In a year when the sports industry was still reeling from the COVID-19 outbreak, boxer Nguyen Thi Thu Nhi made a name for herself by winning Vietnam’s first-ever WBO championship.

Since her triumph, Nhi’s story has been an inspiration for women across the country and is slowly changing local perceptions of female boxers.

Prejudice prevails

After being banned in the 1990s, women’s boxing made a comeback in the 2000s.

Female boxers were initially delighted but eventually discouraged by a combination of the sport’s intensity and family pressure when women’s boxing officially returned to Vietnam, according to Nguyen Thi Thu Hao, a first-generation female boxer in the country and a current coach on the Ho Chi Minh City boxing team.

Nguyen Thi Thu Hao (middle) trains in the ring with two other female boxers. Photo: Huy Dang / Tuoi Tre

Nguyen Thi Thu Hao (middle) trains in the ring with two other female boxers in Ho Chi Minh City. Photo: Huy Dang / Tuoi Tre

“When boxing came back to Vietnam, a handful of the girls were encouraged to give it a try,” Hao told Tuoi Tre (Youth) newspaper.

“However, many eventually stopped or were put off by their parents because the sport is so intense.

“They’d all be injured a few times a week or month.”

Hao was born in Binh Dinh Province, just outside Ho Chi Minh City. Her mother, also a martial artist, moved the family to the city in the 1990s, where they enrolled her in a martial arts class.  

Hao eventually joined the city’s female boxing team. By the end of her first year on the team, all of her female teammates had quit.

But she was committed to persevering through the brutal, and sometimes humiliating, training sessions alongside her male teammates.  

“Training with punching bags wasn’t any good. Boxing is an antagonistic sport,” Hao explained.

“The coach had to let me practice with male teammates.”

Many martial artists consider it taboo to pit men against women, but the female boxers on the Ho Chi Minh City boxing team have been doing it for years.

Male boxers are stronger, faster, and better at taking hits than their female counterparts, said Nguyen Thi Ngoc Giau, one of Hao’s students.

“Competing against male boxers is like competing against someone in a totally different league,” Giau said.

“However, it helps us increase our endurance and resilience.”

Combating prejudices

Women’s boxing in Vietnam has gradually gained recognition over many difficult years. 

There are now female boxers on teams across the country, with the Ho Chi Minh City squad alone boasting ten female members. 

But despite its growing popularity, there is still a stigma surrounding the sport.

Le Thi Hong Dao trains with a male boxer. Photo: Tan Phuc / Tuoi Tre

Le Thi Hong Dao trains with a male boxer in Ho Chi Minh City. Photo: Tan Phuc / Tuoi Tre

“I’ve been interested in martial arts since I was a kid, but my parents didn’t want me to fight because they were afraid that people would gossip about me and that it would be difficult for me to get married,” said Le Thi Hong Dao, a junior lightweight boxer on the Ho Chi Minh City team.

“I didn’t tell my mother when I started boxing.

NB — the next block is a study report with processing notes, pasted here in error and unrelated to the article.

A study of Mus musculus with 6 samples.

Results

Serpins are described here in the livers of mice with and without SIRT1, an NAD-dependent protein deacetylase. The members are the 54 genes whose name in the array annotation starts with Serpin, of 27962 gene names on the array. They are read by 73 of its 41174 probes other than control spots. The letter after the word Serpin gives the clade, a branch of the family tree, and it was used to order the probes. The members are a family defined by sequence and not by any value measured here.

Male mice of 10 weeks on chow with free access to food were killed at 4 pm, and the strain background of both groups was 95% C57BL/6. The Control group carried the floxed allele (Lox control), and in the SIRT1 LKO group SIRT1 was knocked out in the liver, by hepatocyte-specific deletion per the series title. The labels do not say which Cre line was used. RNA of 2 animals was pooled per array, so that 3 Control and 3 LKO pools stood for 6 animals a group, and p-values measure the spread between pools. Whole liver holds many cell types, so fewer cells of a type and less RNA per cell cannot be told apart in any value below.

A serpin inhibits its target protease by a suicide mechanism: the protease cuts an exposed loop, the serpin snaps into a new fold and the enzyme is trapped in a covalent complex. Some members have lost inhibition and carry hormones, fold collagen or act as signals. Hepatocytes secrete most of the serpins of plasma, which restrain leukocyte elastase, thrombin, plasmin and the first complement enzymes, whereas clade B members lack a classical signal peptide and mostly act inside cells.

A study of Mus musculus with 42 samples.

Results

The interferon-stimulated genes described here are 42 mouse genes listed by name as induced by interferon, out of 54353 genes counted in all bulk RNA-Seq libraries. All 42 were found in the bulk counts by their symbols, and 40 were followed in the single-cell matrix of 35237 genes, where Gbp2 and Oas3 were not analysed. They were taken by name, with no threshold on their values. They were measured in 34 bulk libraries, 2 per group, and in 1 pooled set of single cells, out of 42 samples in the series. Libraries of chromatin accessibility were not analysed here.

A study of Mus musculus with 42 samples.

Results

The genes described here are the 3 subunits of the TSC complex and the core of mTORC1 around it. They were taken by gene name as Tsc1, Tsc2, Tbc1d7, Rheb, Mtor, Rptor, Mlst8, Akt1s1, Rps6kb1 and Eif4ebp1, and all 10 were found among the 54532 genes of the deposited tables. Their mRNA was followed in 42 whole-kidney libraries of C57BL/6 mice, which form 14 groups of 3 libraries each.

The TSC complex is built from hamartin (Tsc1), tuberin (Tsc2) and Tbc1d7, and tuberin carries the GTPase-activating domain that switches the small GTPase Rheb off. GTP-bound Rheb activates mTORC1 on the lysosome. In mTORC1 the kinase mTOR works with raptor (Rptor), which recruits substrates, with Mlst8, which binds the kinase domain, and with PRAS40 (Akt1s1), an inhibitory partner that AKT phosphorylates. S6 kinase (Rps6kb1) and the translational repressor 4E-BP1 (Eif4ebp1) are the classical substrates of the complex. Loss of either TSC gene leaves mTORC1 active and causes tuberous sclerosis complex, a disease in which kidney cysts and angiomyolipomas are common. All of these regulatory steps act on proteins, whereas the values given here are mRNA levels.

“Because of my passion, I advanced quickly and began trying other martial arts, like Muay Thai, kickboxing, and wushu.

“When I was 20 years old, I won first place in a national contest of traditional martial arts and kickboxing.”

However, being a girl who practices boxing comes with a slew of complications, the most common of which is prejudice from others.  

“I’ve decided that boxing is my true love. Whoever loves me will have to accept my job,” Dao shared.

Giau’s experience was similar to Dao’s. The only way to convince her father to accept her love for martial arts was to give him the silent treatment until he finally gave in.

Thu Nhi — The human torch

The Olympic boxing system includes amateur competitions, such as the Southeast Asian Games and Asian Games. In recent years, some professional leagues have emerged in Vietnam, opening up a whole new world for Vietnamese boxers.

Instead of adhering to government regulations, boxers now have access to a host of opportunities, ranging from private boxing clubs to international matches.

Nguyen Thi Thu Nhi celebrates her victory at the WBO women's mini-flyweight world championship in Ansan, South Korea, October 23, 2021. Photo: N.T. / Tuoi Tre

Nguyen Thi Thu Nhi celebrates her victory at the WBO women’s mini-flyweight world championship in Ansan, South Korea, October 23, 2021. Photo: N.T. / Tuoi Tre

Among the heroines in the ring, Nguyen Thi Thu Nhi is perhaps the best known.

Nhi made history for Vietnamese boxing after defeating Japanese national Etsuko Tada to claim the WBO women’s mini-flyweight belt in Ansan, South Korea on October 23, 2021.

Making the win even more shocking was the fact that Nhi had never claimed an amateur boxing title despite having spent several years on the Ho Chi Minh City boxing team.

“There are many differences between amateur and professional boxing. Amateur boxing emphasizes speed. The more hits you land, the more points you get,” Nhi said.

“Due to a lack of protective gear, professional boxing is a bit slower and requires heavier punches.

“Someone slow like me can focus more on precision.”

Nhi’s accomplishment has paved the road for upcoming female Vietnamese boxers.

Hao, Nhi’s coach, wishes she were ten years younger so that she could have the same opportunities.

“If I had a chance, I would definitely want to fight in a professional league like Nhi,” she admitted.

“So do other young athletes.

“Nhi’s victory has truly excited everyone.”

As prejudice begins to fade, no amount of sweat, tears, blood, or suffering will be able to keep the heroines from conquering the ring and pursuing their dreams.